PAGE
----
Young consumers in China like receiving and sharing brand messages online

This year, digital marketers are champing at the bit to get their messages in front of China’s 530 million internet users, a population largely willing to click on branded content for more information. Digital marketers in China have devoted particular and significant attention to the country’s weibo sites, which are similar to microblogging platforms like Twitter and Tumblr.

According to an enovate report on digital lifestyles of young adults in urban China, 46% of respondents reported awareness of sponsored weibo messages and 41% were aware of branded weibo pages. The survey also found that 79% of internet users in China ages 18 to 30 would click on branded content, including ads, if they were interested in the brand or product.

The enovate report found that the most popular daily activities among respondents were reading articles for news and information, QQ messenger groups, social networks and weibo sites, videos and bulletin board systems.

Synovate, the global research firm recently acquired by Ipsos, found that weibo was among the top digital activities of consumers ages 15 to 44 in China, especially in larger cities. Smaller cities also saw significant percentages of usage among younger consumers. Total weibo penetration, at 24% in Tier 1 cities like Hong Kong, Shanghai and Beijing, rivaled the reach of magazines (32%) and surpassed both radio (20%) and movies (11%).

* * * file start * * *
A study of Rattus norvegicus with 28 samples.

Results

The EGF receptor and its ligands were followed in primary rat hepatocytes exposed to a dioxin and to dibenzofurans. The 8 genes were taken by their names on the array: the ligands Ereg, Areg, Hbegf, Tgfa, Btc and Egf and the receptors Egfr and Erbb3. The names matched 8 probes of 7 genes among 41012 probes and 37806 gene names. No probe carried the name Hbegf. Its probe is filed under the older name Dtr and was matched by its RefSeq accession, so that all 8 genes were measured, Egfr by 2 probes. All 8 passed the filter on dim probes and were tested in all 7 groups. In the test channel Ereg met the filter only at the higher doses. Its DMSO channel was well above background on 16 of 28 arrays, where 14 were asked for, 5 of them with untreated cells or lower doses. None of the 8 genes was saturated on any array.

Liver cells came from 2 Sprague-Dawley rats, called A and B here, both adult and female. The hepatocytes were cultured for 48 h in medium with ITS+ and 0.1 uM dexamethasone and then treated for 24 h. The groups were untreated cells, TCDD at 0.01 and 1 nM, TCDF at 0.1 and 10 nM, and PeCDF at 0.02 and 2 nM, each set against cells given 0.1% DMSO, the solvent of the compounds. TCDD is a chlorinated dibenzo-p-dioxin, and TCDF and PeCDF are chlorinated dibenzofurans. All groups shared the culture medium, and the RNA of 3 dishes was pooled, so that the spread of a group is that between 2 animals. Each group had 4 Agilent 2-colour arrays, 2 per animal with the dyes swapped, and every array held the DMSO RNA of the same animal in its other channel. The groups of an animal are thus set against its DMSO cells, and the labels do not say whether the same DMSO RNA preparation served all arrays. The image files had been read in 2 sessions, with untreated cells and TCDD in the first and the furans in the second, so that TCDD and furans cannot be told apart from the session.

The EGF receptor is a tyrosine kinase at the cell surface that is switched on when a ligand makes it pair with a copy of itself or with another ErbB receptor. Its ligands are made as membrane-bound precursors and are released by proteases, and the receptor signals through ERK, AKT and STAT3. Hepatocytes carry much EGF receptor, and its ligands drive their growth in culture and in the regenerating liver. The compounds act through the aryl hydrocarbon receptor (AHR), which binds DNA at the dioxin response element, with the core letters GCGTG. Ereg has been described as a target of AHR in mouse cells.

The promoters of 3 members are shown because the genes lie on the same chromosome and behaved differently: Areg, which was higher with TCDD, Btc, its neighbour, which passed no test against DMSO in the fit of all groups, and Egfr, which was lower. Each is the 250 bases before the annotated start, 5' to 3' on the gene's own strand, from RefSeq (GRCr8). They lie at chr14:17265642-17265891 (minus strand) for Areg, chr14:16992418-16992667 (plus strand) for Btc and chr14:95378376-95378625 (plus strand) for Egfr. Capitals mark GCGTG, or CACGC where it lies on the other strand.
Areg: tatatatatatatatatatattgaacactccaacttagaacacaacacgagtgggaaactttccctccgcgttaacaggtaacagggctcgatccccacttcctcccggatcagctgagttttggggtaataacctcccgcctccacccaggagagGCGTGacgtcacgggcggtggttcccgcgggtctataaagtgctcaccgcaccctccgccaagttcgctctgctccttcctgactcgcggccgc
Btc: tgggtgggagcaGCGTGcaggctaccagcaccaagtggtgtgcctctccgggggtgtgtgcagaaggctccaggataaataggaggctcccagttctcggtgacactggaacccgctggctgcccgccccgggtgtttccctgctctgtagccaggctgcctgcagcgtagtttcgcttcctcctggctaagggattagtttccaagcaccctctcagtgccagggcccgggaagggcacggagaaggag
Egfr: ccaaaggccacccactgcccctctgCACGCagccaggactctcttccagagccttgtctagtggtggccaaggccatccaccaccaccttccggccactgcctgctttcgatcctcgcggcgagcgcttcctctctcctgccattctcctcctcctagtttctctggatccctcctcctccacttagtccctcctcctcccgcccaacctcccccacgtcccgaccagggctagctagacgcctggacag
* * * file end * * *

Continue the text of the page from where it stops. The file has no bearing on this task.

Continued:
While the online brand impact of weibo is significant, it is not limited to the digital realm in China; it influences offline interactions as well. In an email interview with eMarketer, Jeremy Webb, digital influence strategist at Ogilvy Public Relations Worldwide in Beijing, said, “[Weibo] is the first platform to change online and offline interactions in a way that is similar to what Facebook has done in the West. People arrange their nights out on weibo and they live-tweet those nights out.”

Most US brands are new to social media in China. As in the US, a presence on weibo or other social networks in China can be just as important as ads. Whichever route brands decide to take for reaching China’s internet users, weibo’s popularity is undeniable, and Webb advises brands to at least monitor the space for possible opportunities or problems.